It really depends on your needs and those of your customers. Each of these cloud business models involves either a build, buy or partner decision, based on your requirements. All involve a certain degree of risk.
Some questions to consider are:
- Do you need to run your applications on a platform, or do you only need the applications in the cloud?
- Do you need infrastructure that supports multi-tenancy as well as different rules and policies for each department?
- Will your choice require a data center redesign to support cloud migration?
These questions will define the scope of your vendor requests for proposal (RFPs) and type of model you adopt. The objective is to start the process by examining your business requirements and then choosing the cloud delivery model that meets your demands -- not the other way around. Infrastructure as a Service (IaaS) is ideal for improving internal business models to be more virtual and cloud-ready. Time-to-market constraints may require you to go outside your own infrastructure and use another provider's Platform as a Service (PaaS) or Software as a Service (SaaS) to build the appropriate functionality in a shorter timeframe.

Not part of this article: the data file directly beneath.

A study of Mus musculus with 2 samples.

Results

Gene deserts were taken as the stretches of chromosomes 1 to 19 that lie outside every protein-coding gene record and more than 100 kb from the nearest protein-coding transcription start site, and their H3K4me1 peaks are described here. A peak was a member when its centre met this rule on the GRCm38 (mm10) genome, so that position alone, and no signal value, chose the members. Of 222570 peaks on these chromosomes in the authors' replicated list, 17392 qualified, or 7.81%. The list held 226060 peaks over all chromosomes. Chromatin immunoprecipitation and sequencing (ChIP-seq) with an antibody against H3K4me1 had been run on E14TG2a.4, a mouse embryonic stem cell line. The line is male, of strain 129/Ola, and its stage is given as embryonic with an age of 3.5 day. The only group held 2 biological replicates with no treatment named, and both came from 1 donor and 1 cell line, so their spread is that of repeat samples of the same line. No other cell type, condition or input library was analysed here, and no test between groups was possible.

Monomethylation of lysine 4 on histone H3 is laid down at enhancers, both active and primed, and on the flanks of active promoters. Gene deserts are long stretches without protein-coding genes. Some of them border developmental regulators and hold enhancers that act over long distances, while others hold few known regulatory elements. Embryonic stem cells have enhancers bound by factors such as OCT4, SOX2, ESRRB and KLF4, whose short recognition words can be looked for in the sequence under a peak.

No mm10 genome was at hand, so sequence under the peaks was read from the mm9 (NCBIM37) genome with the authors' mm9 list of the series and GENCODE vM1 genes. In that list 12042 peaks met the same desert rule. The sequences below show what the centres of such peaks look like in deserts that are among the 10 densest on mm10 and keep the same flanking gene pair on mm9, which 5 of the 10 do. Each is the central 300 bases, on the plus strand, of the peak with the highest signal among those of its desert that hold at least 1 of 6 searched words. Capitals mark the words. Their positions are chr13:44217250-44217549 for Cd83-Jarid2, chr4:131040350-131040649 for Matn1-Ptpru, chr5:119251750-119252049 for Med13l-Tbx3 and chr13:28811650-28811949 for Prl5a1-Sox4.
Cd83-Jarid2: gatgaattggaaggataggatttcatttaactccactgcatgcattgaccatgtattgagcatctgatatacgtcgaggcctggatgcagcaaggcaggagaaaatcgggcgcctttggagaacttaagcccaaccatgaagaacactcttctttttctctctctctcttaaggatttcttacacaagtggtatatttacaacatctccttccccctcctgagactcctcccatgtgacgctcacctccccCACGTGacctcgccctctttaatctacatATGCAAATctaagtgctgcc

Have a question for Lauren Robinette? Send an email to firstname.lastname@example.org.
Dig Deeper on Cloud Business Model Development for Service Providers
Related Q&A from Lauren Robinette
Switching from a subscription-based billing model to a usage-based one could affect ARPU, says Managed services expert Lauren Robinette explains how ...continue reading
When reselling another provider's cloud services, it is important to give extra attention to the nuances of its partner program, says managed ...continue reading
Building a cloud data center requires a lot of planning, and certain areas will receive more attention than others, says managed services expert ...continue reading
Have a question for an expert?
Please add a title for your question
Get answers from a TechTarget expert on whatever's puzzling you.